JPMorgan Chase (JPM) revealed through a regulatory filing this week that it faces a civil and criminal investigation into whether it sold shoddy mortgage-back securities in the run-up to the financial crisis, Dealbook reports.

Add it to the list.

Also this week we learned the Justice Department and the Securities and Exchange Commission sued Bank of America (BAC), accusing BAC of defrauding investors in a 2008 deal for $850 million in mortgage-backed securities.

Related: Suddenly, Things Are Going “Terribly Wrong” for the Big Banks

And we are fresh from a jury verdict holding former Goldman Sachs vice president Fabrice Tourre liable for fraud in a case brought by the SEC over, again, a complex MBS (mortgage-back securities) deal.

Related: New Regulatory Environment Hurting Housing, Jobs & Bank Profits

Attorney General Eric Holder in a statement said the BAC filing represents the DOJ’s “ongoing efforts to hold accountable those who engage in fraudulent or irresponsible conduct.”

So do these examples show authorities and regulators are really taking action against Wall Street and holding it accountable for its misdeeds?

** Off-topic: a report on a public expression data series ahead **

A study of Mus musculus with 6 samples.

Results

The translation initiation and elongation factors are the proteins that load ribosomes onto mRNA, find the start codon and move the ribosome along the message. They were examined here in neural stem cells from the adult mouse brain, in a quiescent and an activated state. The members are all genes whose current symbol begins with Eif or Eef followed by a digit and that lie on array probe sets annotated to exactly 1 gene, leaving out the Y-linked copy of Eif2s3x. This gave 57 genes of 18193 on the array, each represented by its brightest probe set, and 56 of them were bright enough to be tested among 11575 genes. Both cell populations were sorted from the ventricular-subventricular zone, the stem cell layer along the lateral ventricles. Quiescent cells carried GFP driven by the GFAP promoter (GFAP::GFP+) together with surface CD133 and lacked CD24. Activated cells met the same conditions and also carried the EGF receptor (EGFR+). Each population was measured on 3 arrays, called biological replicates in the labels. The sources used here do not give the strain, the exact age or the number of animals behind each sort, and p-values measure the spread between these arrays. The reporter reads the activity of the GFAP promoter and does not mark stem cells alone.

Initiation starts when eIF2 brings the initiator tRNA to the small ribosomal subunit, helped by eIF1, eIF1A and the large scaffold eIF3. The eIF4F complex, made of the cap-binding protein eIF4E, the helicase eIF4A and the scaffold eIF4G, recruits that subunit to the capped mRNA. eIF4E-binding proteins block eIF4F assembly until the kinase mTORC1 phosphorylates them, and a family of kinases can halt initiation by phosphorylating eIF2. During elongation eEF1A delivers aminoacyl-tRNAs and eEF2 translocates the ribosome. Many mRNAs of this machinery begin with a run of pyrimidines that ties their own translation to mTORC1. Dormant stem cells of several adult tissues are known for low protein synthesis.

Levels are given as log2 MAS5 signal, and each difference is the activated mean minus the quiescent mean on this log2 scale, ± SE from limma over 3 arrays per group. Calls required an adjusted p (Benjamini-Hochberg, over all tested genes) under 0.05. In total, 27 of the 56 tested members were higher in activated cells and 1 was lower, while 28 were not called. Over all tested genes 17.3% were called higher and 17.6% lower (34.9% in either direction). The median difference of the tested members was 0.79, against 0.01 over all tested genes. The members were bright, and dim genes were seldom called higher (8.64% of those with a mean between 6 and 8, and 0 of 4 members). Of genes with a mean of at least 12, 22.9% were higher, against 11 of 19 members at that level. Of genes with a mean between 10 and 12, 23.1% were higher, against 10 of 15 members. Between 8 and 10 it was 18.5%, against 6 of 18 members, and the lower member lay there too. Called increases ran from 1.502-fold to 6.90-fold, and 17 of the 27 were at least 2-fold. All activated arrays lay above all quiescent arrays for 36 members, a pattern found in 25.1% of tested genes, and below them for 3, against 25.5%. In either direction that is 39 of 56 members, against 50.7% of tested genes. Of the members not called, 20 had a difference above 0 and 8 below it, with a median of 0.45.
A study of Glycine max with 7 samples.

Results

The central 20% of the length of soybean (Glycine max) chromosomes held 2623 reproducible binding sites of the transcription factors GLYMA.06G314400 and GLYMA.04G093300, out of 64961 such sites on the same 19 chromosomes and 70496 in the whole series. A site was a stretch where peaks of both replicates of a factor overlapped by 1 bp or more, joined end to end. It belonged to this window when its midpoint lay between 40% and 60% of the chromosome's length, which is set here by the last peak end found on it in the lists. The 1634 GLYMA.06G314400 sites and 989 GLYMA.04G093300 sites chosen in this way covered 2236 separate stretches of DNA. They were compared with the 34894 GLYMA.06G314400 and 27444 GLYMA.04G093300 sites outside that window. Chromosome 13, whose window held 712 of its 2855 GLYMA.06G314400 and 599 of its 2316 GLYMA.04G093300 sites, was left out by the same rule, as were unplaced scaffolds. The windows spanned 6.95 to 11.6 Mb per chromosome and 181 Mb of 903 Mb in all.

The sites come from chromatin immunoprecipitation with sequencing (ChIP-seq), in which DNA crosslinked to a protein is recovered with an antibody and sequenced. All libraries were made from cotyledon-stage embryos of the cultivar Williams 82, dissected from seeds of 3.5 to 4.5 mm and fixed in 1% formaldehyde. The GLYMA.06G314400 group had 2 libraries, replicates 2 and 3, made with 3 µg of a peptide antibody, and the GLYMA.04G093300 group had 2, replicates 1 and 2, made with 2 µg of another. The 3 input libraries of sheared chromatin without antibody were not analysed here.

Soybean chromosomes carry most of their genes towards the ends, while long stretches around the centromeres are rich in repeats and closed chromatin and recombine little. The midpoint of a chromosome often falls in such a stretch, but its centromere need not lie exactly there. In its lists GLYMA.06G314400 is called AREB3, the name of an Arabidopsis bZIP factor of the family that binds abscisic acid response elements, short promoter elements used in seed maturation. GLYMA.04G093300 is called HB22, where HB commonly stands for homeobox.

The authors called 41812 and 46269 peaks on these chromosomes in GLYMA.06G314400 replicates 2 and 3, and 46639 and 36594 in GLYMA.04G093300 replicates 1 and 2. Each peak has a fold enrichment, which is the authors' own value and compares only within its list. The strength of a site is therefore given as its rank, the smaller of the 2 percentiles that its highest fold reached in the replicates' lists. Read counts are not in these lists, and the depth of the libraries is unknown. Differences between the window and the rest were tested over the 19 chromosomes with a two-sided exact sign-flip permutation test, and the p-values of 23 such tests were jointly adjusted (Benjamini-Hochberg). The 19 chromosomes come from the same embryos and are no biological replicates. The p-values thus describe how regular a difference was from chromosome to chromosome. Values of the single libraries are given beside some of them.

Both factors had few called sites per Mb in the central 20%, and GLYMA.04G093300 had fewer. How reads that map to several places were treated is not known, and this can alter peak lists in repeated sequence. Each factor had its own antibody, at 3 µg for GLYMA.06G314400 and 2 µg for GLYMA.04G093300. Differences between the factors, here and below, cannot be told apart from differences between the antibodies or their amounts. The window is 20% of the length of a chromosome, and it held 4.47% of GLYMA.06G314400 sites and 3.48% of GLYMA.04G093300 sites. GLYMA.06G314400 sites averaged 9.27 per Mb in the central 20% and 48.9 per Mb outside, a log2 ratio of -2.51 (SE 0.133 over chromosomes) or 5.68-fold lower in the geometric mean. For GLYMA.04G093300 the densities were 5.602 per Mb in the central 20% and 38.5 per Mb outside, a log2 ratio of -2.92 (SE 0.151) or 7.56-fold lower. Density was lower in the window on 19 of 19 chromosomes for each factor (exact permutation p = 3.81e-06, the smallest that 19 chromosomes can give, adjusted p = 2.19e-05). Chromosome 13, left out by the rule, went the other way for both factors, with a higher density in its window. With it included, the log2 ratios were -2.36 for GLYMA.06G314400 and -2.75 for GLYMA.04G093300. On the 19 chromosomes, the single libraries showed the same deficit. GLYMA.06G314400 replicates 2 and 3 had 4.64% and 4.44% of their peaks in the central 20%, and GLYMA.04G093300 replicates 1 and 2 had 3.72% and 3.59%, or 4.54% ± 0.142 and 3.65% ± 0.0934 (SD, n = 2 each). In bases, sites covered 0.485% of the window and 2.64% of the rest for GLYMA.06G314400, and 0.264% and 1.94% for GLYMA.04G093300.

Not according to Janet Tavakoli, president and founder of Tavakoli Structured Finance, a consulting and expert witness services firm for derivatives.

“The statute of limitations is running out on a lot of these lawsuits, so now we’re seeing the tail end of it,” Tavakoli tells The Daily Ticker (in other words – we won’t see many more). “If you look at what the investment banks have been making, have been like – the best investment ever has been investing in campaign contributions.”

Check out the accompanying video to see Tavakoli’s case for why (she uses JPMorgan CEO Jamie Dimon to illustrate her point).

For reference, JPM contributed more than $5 million to candidates in the 2012 cycle according to the Center for Responsive Politics, ranking 46 out of more than 21-thousand organizations.

As for the actions we are seeing against financial firms and individuals, Tavakoli says they do matter, but in the case of Fabrice Tourre she asks ironically, “so we caught the mastermind who acted solely on his own and caused the financial crisis and was the only malefactor at Goldman Sachs (GS)?”

Related: Big Banks Still Write the Rules: Fmr. Inspector General of Bank Bailout

Tavakoli says if you believe that, she has a number of other examples of questionable financial products that should have been avoided at all costs (and regulated). In short, Tavakoli argues so much more should have been investigated.